Is Your Hotel a Comedy of Errors?

Melbourne’s hotels are full of stand-up comedians this month, and as a professional in the hospitality industry, I have to wonder if any of their experiences will find a way onto the stage. After all, an event like the Melbourne International Comedy Festival is full of raw and raucous observations. Everything and everyone is fair game.

 This is actually a good question for hoteliers to ask: Is there anything about our guest experience that could end up as fodder for the stand-up comedian? You might not be able to come up with good material on the spot (stand-up comedy is a notoriously difficult art, requiring years of practice)—but you can look at some of the common blunders in hotel management and how they make business more difficult. From there, you might be able to develop a truly funny act. (I attended a concert once where the band was staying at my hotel and hence was quite embarrassed when they made fun of our pressing service as we had placed a pleat in the front of the lead singer’s jeans. Apparently that was funny to an Englishman!)

Strengthening the divide between management and staff

Industry leaders know that teamwork in hotels is not a gratuitous concession or a warm and fuzzy concept. It’s closely related to the bottom line of bookings, reputation and profits. When staff are tangibly stressed or unhappy, the guest experience is impacted. Since this stress is often related to the divide between staff and management, the joke is on managers who are overly concerned about being the authority figure. If you have ever heard/expressed the thought “management’s a joke”, then you know what I mean. Authority must exist to some degree, to be sure—but managers who seek feedback from staff, including them in strategic discussions and working to develop open communication, will see a strengthening of morale and a collective boost of energy that drives business in the right direction. (The odd light hearted moment at work doesn’t hurt either. As a young supervisor I was presented with a wonderfully decorated birthday cake from my manager, only to find it was a decorated piece of cork when I cut in! No wonder so many other staff came to sing me happy birthday!)

Going for the quick fix

When dry spells come (and they will, for most hotels) it can be tempting to fill those extra rooms with bargain basement pricing. These “fire sales” are often facilitated through OTAs or coupon deals that take their cut of the booking price. When the fire is over, your hotel is plumb full of guests but your coffers are empty. This scenario is only funny if you’re not the mastermind behind it.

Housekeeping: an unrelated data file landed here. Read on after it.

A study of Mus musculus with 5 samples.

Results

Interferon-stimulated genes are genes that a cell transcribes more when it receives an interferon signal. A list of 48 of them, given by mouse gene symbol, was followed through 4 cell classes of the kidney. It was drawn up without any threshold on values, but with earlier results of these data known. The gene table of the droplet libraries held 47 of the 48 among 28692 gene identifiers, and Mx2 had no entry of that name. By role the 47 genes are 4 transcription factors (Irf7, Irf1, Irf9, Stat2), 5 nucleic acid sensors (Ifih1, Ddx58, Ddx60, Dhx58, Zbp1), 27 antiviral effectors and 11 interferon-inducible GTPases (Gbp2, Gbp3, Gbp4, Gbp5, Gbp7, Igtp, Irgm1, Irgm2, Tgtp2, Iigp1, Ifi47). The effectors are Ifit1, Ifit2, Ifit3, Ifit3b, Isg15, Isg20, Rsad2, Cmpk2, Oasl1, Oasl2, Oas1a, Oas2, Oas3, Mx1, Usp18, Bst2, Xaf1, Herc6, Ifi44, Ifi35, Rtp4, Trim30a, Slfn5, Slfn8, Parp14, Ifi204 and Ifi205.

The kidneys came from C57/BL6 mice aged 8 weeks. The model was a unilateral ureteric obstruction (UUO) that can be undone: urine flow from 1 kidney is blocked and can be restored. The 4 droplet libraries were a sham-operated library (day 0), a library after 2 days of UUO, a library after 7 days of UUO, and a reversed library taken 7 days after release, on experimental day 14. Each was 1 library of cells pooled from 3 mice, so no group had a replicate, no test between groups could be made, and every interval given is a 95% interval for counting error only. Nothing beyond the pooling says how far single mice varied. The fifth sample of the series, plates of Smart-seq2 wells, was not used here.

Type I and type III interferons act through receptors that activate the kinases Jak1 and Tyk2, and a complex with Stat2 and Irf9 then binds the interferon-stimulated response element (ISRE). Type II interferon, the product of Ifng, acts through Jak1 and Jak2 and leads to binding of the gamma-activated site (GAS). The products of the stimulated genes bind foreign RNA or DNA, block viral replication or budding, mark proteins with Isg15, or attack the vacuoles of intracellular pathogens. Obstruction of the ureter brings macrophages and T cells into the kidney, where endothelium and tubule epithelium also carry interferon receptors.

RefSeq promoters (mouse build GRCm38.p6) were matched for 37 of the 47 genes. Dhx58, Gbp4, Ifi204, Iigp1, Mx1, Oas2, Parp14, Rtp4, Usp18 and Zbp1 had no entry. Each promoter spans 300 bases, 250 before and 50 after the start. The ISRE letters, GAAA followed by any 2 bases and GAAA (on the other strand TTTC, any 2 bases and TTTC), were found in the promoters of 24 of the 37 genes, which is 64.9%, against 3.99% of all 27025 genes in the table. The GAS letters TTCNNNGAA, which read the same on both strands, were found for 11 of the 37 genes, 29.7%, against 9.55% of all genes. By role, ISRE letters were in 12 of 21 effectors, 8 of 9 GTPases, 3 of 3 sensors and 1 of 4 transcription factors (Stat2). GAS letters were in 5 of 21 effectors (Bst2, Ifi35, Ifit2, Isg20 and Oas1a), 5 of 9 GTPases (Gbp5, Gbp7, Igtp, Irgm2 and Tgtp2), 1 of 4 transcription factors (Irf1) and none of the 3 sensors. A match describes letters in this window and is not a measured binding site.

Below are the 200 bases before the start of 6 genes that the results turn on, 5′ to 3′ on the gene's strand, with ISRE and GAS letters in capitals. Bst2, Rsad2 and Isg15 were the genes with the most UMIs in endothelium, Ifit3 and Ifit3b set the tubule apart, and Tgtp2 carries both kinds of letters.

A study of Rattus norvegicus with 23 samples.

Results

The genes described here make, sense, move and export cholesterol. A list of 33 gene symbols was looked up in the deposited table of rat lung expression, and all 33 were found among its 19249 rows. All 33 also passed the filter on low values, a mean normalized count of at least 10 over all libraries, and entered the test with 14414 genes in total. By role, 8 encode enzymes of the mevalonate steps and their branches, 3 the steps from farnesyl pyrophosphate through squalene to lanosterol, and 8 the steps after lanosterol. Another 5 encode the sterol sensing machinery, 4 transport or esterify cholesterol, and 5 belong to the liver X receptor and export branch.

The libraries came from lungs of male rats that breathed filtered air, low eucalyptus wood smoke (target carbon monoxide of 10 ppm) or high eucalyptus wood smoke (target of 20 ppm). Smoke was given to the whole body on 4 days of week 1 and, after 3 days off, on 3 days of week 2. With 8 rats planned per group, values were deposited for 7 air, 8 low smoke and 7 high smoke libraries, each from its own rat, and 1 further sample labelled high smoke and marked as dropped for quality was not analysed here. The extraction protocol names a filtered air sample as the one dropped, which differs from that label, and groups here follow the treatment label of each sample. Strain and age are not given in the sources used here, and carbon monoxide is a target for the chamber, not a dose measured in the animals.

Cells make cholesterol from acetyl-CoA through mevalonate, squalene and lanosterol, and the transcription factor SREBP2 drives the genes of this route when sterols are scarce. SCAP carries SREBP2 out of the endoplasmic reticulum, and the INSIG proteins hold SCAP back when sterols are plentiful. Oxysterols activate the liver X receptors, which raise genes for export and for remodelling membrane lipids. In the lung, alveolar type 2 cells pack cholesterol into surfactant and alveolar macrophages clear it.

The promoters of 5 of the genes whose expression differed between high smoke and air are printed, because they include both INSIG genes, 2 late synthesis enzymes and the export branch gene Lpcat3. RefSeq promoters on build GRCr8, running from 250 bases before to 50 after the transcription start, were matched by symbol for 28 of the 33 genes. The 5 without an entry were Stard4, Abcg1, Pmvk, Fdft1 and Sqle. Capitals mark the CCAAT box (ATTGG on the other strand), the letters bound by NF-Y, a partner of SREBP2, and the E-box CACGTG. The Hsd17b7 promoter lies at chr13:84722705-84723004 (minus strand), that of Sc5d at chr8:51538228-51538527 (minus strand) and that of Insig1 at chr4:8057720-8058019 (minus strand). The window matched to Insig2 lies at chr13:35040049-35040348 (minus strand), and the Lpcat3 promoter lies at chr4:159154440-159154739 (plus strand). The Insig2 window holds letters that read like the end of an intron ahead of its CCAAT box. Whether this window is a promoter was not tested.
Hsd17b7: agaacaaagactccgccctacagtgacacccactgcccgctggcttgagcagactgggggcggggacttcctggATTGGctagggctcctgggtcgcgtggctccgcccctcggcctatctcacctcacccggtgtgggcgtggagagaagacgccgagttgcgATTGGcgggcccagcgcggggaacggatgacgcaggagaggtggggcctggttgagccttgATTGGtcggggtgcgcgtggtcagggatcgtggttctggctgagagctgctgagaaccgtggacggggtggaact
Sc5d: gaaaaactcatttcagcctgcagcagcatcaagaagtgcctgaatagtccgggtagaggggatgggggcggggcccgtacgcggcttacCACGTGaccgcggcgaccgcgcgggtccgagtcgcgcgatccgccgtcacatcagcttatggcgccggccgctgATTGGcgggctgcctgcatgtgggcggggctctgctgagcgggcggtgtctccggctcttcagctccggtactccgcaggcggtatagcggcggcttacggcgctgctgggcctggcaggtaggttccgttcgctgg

Meticulous thought and calculation should always go into your pricing, promotions, occupancy and profits. Rather than a panicked attempt to fill empty rooms at all costs, focus on strengthening the bond between your brand and your guests—whether they’re currently in your hotel or navigating to your web site. Ensure the line from booking to checkout delivers standout presentation and service and there won’t be any funny bits.

Another aspect of this “quick fix” mindset involves search engine optimisation. There are plenty of fast-talkers out there who, for a nominal fee, promise to launch your hotel to the upper echelons of Google search rankings. But many techniques that worked five years ago have already gone the way of the corded telephone, and many of these SEO miracle workers are beginning to look like snake-oil salesmen in checkered sport coats. (I recently stayed in a major hotel where they still had a corded phone on the guest floor, but it wasn’t connected to anything!) Today, Google consistently rewards web sites that are rich in meaningful content. A basic SEO tune-up might help, but the smart money is on the steady accumulation of content and quality interactions with people in both the real and virtual worlds.

Ignoring new technology

Remember when comedians had a field day with new computers being out of date the moment they were released? It’s a thoroughly used-up joke, yet strangely relevant in many hotels. Whilst bulky television sets and malfunctioning showerheads are bound to draw some laughs, they will, more importantly, attract a few critical reviews.

On the administrative side, tablets can streamline communications (including social media interactions), improve workflow, and lead to fresh insights at all levels of hotel staff and management. And they’re becoming so cheap that a whole stack doesn’t cost much more than a year’s supply of paper.

Web sites are another example. In this day and age, the useful lifespan of web sites is far more comparable to a pair of shoes than to an automobile. Too many hotels feel that updating their virtual infrastructure every five or seven years is enough, and prospective guests find the experience more tragic than comedic. The point is, there will always be aspects of hotel service that are best done the old-fashioned way, and there will always be aspects that must change with technology.

All in good fun?

No matter what profession we’re in, it’s healthy to be able to laugh at ourselves once in a while. The stakes of a hotel with real investors and real quarterly reports though, is no laughing matter. It’s important to cultivate a working knowledge of how hotel operations are changing today, and where they’ll be in five or ten years’ time. That way, when next year’s International Comedy Festival rolls around, you won’t be giving those hilarious guests any easy opportunities to rake you over the coals. More importantly, the state of your business will be something to smile about.